Thursday, September 18, 2008


Trouble the Water

I’m a writer, so I can’t help analyzing and sometimes over-analyzing films and books. Because of this built-in tendency toward critiquing, I often come away from stories feeling empty handed. So, when this is not the case, I’m energized and somehow renewed, which is how I feel after seeing Trouble the Water. This film was educational on so many levels. First, I have tremendous respect for musicians who communicate effectively through their art. Black Kold Modina’s “Amazing” decoded the core power of rap for me. I now perceive rap music, at its best, as the modern blues. Blues singers are storytellers. Rappers are storytellers as long as their content stands on substance. Something about the name, Black Kold Modina, makes me think of the name, Son House. Black Kold Modina—that sister’s story comes from her soul.

Trouble the Water is a hero’s journey in the Joseph Campbell sense of the term. Not only did Kim and Scott, the protagonists, weather the storm, they filmed it from its middle. They showed respect to those who disrespected them by “following orders” that would have broken lesser human beings. Their relationship with each other, and the ones they formed with others are nothing less then exemplary.

One must ask how many others in their shoes—their bare feet robbed of leather by nature’s wrath at the folly of the greedy and those who have trespassed on the crossroads, never looking back over their shoulders to ‘fess up to the wrong turn that makes anything go—could walk through that life “with ease and grace,” as I heard a reverend say.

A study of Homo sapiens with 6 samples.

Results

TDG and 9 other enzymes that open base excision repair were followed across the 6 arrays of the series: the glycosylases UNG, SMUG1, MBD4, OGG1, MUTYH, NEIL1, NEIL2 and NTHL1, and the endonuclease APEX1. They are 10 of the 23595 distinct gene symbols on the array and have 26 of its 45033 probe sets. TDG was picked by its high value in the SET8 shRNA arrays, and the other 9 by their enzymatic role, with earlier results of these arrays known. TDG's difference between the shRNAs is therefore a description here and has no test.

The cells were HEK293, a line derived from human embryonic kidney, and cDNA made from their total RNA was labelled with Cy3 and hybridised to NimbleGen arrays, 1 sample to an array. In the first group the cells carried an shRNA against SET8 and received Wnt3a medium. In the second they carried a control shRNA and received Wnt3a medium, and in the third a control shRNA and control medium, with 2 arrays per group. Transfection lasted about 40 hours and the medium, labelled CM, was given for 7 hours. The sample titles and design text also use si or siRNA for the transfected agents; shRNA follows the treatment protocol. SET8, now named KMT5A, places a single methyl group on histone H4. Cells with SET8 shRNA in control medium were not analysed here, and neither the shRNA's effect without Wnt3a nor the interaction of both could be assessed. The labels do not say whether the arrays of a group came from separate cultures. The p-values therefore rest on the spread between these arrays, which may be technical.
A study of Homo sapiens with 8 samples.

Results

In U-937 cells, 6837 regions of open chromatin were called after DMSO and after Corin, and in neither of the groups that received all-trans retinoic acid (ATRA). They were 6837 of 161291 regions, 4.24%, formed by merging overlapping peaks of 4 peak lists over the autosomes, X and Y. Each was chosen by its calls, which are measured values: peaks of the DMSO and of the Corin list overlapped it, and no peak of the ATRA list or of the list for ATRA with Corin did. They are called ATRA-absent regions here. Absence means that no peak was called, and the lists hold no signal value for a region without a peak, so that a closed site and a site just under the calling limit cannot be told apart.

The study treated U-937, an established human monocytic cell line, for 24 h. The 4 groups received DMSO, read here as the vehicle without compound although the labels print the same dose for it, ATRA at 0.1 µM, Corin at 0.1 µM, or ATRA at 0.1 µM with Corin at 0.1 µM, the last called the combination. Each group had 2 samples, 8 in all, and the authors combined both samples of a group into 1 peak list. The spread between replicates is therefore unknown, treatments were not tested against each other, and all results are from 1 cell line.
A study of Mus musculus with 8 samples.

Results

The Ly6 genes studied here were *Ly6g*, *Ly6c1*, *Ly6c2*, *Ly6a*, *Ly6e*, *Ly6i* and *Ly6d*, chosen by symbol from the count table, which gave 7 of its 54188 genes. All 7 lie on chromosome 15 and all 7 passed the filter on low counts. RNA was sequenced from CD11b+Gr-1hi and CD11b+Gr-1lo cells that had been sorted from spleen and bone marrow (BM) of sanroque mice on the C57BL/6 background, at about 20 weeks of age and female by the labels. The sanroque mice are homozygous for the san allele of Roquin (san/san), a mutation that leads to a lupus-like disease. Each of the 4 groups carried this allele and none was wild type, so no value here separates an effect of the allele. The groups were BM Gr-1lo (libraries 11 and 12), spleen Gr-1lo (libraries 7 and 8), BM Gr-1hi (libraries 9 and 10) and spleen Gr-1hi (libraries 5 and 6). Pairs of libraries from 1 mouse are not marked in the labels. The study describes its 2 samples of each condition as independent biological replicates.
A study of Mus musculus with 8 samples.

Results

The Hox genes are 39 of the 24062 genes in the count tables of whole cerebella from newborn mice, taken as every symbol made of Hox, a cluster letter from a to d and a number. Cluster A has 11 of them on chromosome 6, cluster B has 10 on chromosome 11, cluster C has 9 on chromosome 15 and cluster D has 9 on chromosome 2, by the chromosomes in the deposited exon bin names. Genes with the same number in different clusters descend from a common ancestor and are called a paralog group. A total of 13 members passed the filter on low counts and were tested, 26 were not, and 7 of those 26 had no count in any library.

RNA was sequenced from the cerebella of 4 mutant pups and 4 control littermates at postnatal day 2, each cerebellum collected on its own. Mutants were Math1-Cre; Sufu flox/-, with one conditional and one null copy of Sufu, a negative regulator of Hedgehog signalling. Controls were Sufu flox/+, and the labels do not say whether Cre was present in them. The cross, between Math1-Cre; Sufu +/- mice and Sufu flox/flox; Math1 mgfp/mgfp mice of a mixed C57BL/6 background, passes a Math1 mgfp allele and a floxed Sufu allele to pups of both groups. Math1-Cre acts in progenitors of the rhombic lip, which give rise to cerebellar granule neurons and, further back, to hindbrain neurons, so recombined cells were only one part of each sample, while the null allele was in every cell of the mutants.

September 2005, New Orleans Louisiana, a massive hurricane lashes ashore. The name Katrina becomes synonymous with a lethal form of benign neglect, leaving the poorest of the poor victim to the rising waters and plummeting hope. All of the wheels of the federal government grind to a halt leaving people stranded and alone. Bodies float in the fetid water, shelter is no where to be found, and promised services evaporate into the swollen rain clouds. The Bush administration waits in the wings,FEMA is immobilized by the volume of suffering. Slowly unlikely heroes emerge. In the 9th ward a group of survivors were determined they were not going to go out like that. On the scene footage draws us into their lives -- and it won't let go!

Go see this beautifully layered, brooding, thought provoking film, this is some of the best film making I have seen in years! Well rounded compelling characters wound in a tight gripping story.

Thanks to RR for this link.

1 comment:

  1. Saw this movie today. Loved how it so clearly shows the power of positive in what is clearly the largest failure of humanity in my life time.